H.E. Dr. Meutia Hatta Swasono
State Minister for Women Empowerment
Before General Assembly Informal Thematic Debate
Gender Equality and Empowerment of Women
New York, 6 March 2007
With the promise of equality and empowerment to women yet to be fulfilled, let me begin by thanking you for your valuable initiative. Having you preside over our debate today strengthens the incentive for us to plan better, think deeper, and act swifter in achieving the goals and objectives of the Beijing Platform for Action.
Indonesia has adopted various measures to bring about the empowerment of its women. At present, a National Plan of Action on Gender Mainstreaming is being prepared. This will help to accelerate the implementation of Presidential Instruction No. 9/2000 on Gender Mainstreaming in National Development which is regarded as the key national policy for empowerment. Towards that end, local governments have engendered their provincial, district and municipal development plans.
So far, gender issues have been integrated into the Mid-Term National Development Plan 2004 – 2009 which covers a variety of development sectors important to women. There are currently 29 Gender Mainstreaming Working Groups at the national level, 30 women’s bureaus at the provincial level, 230 women’s divisions at municipal level, and 304 Gender Focal Points functioning in 440 municipalities to provide technical assistance, coordinate, implement, monitor and evaluate activities leading to the implementation of Presidential Instruction No. 9/2000.
Aware of the need to bridge the social gap between men and women, the Indonesian Government, in close collaboration with concerned civil society organizations and UN agencies, whose support we greatly appreciate, has channeled its efforts along four lines, namely (i) protection of women against extreme violence and suffering; (ii) enhancement of the quality of women’s lives in accordance with the human development index; (iii) promotion of women’s participation and contribution in public life and decision making positions; and (iv) guaranteeing the enactment of fair, non-discriminatory and non-gender-biased national laws and regulations, including legislation to empower women politically.
Mindful that the laws on general elections did not prove sufficient to enhance women’s participation in decision-making mechanisms at various levels in the 2004 elections, President Susilo Bambang Yudhoyono has proposed improvements to those laws. He has called for an open electoral system, based on proportional representation, which would require political parties to compile candidates lists resulting from popular support rather than political patronage. This, he rightly reasons, will enable more women candidates to participate in elections and become representatives in parliament.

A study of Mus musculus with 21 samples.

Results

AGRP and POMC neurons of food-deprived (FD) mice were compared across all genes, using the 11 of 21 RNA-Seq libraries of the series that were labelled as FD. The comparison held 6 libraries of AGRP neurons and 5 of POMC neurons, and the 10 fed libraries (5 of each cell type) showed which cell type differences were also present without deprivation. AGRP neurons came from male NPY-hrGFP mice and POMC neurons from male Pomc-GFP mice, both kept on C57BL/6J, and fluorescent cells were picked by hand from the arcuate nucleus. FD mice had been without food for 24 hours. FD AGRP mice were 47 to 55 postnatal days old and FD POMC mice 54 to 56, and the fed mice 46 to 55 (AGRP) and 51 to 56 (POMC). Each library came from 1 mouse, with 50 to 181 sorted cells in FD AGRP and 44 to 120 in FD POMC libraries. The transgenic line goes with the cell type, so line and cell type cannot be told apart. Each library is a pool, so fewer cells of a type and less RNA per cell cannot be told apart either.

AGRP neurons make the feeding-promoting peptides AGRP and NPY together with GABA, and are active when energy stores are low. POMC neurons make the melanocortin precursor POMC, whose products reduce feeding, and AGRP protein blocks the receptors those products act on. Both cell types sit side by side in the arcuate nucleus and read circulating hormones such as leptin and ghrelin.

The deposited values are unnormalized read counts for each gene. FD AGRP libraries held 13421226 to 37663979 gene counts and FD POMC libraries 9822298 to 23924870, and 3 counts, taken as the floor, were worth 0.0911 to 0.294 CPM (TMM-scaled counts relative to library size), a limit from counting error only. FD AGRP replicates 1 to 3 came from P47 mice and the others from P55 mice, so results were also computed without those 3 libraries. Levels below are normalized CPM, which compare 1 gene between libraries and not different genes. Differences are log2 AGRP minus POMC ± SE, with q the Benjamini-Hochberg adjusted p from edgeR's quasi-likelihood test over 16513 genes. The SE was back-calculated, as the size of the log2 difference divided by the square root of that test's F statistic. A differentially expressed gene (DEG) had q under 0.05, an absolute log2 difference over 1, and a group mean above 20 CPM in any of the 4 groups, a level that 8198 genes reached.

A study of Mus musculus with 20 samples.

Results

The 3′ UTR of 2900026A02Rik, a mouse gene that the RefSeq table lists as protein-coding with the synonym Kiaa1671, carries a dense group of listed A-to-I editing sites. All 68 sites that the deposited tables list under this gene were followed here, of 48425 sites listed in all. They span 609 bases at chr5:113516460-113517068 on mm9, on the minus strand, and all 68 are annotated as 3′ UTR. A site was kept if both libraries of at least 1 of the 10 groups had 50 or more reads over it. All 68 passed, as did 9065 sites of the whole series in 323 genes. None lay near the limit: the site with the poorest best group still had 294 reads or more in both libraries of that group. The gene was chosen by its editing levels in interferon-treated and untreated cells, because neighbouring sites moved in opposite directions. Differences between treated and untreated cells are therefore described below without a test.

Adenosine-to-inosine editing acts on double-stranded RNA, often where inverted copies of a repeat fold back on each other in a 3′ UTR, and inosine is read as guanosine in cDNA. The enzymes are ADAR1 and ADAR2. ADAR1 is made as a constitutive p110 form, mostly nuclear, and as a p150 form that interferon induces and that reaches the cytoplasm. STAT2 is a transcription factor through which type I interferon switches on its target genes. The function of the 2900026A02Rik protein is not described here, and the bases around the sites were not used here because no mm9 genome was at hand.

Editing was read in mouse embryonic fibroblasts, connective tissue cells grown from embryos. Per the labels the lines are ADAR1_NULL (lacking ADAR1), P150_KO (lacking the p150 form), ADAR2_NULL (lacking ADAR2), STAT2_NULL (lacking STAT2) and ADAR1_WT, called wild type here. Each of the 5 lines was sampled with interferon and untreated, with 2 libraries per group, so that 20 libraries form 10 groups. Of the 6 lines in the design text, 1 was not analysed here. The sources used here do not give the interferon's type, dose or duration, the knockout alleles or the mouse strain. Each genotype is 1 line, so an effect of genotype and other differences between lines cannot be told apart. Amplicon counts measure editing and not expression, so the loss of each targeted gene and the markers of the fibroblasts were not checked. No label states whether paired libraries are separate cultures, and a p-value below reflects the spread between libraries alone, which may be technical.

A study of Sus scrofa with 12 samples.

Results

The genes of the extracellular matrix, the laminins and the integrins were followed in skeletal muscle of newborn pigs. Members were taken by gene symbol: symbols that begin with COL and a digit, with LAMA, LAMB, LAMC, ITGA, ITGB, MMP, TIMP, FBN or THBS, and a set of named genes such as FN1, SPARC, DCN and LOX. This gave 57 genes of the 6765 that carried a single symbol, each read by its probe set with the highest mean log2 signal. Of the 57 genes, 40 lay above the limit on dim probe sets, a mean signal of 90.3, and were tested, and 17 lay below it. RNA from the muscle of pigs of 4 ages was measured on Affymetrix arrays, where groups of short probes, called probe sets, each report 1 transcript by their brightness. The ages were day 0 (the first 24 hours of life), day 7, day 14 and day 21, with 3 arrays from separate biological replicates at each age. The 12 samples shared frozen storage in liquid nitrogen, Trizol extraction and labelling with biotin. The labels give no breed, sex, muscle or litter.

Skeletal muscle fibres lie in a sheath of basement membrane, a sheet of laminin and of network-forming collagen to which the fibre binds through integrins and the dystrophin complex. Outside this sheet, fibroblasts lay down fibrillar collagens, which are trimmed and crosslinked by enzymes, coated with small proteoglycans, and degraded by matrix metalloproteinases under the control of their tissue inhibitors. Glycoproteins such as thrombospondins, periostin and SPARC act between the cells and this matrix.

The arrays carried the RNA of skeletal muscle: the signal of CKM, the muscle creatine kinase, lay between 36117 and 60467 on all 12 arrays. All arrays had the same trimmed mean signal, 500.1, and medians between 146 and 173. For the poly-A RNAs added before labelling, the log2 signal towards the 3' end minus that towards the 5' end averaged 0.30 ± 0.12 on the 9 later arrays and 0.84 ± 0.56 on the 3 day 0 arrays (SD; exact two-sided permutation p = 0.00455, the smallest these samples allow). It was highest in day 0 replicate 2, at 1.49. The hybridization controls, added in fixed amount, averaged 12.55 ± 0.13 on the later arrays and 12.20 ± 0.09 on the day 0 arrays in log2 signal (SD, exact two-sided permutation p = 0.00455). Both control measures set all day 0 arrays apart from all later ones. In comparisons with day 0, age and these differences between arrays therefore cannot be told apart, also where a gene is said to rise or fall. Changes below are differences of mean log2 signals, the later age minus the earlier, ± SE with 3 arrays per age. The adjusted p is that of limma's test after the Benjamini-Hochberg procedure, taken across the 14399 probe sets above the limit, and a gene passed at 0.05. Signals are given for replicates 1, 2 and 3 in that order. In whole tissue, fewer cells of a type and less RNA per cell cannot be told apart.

At the same time, the Ministry of Women Empowerment has undertaken various awareness-raising and capacity-building programmes at national, provincial and district levels in order to boost women’s confidence to take part in decision-making processes at these levels and to raise their awareness of the importance of standing up for their rights and needs.
With regard to the economic empowerment of women, substantial use is being made of micro-finance and micro-credit to support poor women’s economic activities. Parliament has in fact passed an Act on National Strategy for Poverty Alleviation to provide guidance to all parties in combating poverty and the Government is preparing a draft Act on Micro-financing Firms.
To expand women’s role and deepen their participation in the economy, Indonesia has established a Forum on the Increase of the Productivity of Women in the Economy and developed models on promoting the economic empowerment of women in several provinces. In the 2004 – 2009 Mid-Term National Development Plan, the Government has formulated policies to increase the quality of institutional and cooperative activities and the development of small and medium enterprises for women.
Accordingly, five priority programme areas are being emphasized. These areas serve to: (1) create a conducive environment for development of cooperatives, as well as micro, small and medium-sized enterprises; (2) develop support systems; (3) allow women to develop entrepreneurial and competitive advantage; (4) develop micro-sized enterprises and (5) increase the quality of cooperative institutions.
Since the wider external international environment has a decisive impact on the evolution of efforts to assist women within Indonesia, it is vital that the international environment provide more than inspiration for action nationally. In terms of its structure and operations, it must embody effectiveness and efficiency. That is why my delegation is of the view that the recommendation of the High-Level Panel on UN System-wide Coherence about changes to the existing institutional gender architecture deserves our serious consideration. Enhancement of the system’s operational elements must result from tangible and practical programmes on the ground.
In closing, let me quote what President Susilo Bambang Yudhoyono stated last December during the commemoration of National Mother’s Day. “Our national symbol, Burung Garuda, will not be able to fly high with only one wing. It would fly high with its two wings. Those two wings symbolize men and women”.